The numbers: Businesses sharply cut back on the number of people they hired at the end of 2020, a new survey shows, with most of the decline at restaurants, hotels and other companies hurt most by the coronavirus.
Hiring shrank by almost 400,000 in December to 5.5 million, according to the government’s job openings and labor turnover survey. Known as Jolts, the report is issued with a one-month delay.
Many businesses were forced to lay off workers again after coronavirus cases exploded to a record high and states reimposed some restrictions.
Job openings, meanwhile, rose slightly to 6.65 million.
What happened: Hotels and restaurants accounted for more than half of the decline in hiring in December. Hiring also fell in transportation, warehousing, arts, entertainment and recreation.
Retailers hired almost 100,000 workers in December, though most of those jobs were temporary.
One oddity in the report: The percentage of private-sector workers who quit their jobs moved up slightly to 2.6%.
That’s up sharply from 1.6% early in the pandemic and is just two notches shy of the highest level on record.
Workers typically quit their jobs when they are confident they can get a better one — a sign of a strong economy.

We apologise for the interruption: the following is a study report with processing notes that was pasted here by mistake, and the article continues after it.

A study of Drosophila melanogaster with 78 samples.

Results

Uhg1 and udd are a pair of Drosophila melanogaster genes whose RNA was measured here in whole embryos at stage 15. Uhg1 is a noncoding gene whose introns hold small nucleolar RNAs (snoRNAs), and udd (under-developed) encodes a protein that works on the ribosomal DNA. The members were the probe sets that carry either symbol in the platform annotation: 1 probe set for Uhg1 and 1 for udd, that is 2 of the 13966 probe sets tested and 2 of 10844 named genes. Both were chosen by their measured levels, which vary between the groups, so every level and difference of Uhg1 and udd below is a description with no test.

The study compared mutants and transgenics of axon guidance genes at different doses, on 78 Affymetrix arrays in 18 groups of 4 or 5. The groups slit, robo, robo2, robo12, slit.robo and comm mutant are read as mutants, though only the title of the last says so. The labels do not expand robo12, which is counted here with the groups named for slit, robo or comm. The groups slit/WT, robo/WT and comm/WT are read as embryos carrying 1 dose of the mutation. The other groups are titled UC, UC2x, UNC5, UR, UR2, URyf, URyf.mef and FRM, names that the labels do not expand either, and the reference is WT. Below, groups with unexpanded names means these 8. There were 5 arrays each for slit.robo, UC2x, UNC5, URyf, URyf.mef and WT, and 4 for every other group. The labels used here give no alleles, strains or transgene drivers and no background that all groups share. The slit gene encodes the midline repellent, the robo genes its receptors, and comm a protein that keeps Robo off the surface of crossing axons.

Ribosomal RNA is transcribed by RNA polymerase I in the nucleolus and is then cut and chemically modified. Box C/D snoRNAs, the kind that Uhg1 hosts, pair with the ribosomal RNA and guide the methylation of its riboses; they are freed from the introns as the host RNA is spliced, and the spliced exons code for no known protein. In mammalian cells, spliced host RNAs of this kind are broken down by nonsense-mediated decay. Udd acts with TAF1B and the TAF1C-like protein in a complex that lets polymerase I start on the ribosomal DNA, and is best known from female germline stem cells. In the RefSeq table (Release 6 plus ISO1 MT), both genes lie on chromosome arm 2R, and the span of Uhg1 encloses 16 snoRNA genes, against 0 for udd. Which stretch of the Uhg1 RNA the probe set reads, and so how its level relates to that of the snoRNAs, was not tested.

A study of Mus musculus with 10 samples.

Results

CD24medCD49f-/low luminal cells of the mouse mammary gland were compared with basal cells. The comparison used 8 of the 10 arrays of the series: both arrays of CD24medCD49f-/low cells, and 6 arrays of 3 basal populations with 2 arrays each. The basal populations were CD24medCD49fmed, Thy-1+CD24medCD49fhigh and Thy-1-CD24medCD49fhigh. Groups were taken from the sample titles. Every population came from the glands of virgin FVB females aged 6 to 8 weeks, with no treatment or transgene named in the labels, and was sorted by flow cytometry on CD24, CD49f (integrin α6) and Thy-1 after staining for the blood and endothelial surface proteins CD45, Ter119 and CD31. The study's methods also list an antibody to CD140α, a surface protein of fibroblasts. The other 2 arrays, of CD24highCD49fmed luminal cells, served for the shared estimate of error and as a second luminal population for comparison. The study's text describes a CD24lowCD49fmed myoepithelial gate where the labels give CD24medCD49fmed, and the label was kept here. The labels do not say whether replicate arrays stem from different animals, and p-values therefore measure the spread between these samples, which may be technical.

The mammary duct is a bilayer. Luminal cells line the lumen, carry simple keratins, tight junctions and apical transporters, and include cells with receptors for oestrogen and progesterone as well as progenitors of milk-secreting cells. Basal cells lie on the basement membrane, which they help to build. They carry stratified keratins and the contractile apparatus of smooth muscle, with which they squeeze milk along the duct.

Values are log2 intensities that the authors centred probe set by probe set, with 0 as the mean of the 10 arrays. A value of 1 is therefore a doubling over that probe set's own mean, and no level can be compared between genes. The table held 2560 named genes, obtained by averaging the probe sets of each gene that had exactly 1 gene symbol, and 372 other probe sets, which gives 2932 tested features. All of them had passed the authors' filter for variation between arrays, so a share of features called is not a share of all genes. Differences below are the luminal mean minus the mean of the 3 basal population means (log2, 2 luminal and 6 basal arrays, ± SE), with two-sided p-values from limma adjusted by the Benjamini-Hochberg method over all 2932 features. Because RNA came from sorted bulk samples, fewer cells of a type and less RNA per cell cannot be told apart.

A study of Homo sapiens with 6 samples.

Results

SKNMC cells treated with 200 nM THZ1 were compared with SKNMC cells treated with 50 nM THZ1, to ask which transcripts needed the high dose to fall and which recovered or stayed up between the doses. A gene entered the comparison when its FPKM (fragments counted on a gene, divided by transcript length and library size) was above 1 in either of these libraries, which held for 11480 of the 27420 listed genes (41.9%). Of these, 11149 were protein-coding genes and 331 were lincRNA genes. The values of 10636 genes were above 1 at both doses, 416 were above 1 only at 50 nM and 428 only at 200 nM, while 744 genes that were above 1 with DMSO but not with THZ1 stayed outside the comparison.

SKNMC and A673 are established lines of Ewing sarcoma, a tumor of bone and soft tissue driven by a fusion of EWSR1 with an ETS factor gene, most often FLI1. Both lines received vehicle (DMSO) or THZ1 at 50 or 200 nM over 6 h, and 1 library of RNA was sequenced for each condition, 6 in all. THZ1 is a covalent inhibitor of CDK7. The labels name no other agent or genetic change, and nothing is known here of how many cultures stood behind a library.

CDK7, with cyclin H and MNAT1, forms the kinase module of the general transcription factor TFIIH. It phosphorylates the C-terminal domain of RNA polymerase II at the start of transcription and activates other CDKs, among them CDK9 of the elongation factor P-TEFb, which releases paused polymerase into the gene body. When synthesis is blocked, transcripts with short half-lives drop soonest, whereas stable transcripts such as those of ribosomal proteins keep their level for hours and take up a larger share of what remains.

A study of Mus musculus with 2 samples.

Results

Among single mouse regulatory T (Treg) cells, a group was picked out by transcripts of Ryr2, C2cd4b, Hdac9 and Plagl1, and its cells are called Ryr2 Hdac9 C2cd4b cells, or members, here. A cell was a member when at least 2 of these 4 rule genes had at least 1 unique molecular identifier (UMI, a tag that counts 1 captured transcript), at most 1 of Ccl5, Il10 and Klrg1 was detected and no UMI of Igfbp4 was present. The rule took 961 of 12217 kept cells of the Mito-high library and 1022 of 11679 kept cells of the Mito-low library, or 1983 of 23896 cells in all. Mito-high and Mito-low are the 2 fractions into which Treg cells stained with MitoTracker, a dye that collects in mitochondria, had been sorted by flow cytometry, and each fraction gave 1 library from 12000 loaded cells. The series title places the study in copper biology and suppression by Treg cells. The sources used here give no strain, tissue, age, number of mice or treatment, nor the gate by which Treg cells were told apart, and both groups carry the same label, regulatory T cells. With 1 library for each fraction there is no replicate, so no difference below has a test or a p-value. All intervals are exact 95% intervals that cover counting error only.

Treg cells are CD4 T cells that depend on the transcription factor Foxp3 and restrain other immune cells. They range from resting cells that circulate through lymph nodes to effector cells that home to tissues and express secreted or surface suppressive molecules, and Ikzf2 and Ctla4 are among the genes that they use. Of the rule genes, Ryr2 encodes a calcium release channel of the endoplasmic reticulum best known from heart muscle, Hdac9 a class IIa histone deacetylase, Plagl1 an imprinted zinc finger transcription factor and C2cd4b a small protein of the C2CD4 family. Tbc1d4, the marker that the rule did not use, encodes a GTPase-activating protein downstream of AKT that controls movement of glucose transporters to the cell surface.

What might help explain part of the increase is the fear of some workers that they might contract the virus if they stay on the job.
Big picture: Job openings were actually higher at the end of 2020 compared to a year earlier, but companies aren’t rushing to fill them. The economy lost 227,000 jobs in December and only gained back 49,000 in January.
Hiring is likely to accelerate if the vaccines are effective and the pandemic starts to fade, but it could take months for the labor market to recover its momentum. The U.S. lost a net 5.5 million jobs in 2020, the survey showed.
What they are saying? “The new data show that the decline in employment in December was more a product of reduced hiring than a pick up in layoffs,” said Nick Bunker, director of research at Indeed Hiring Lab. “This trend is easier to reverse than the destruction of employer-employee relationships that happens when workers are laid off.”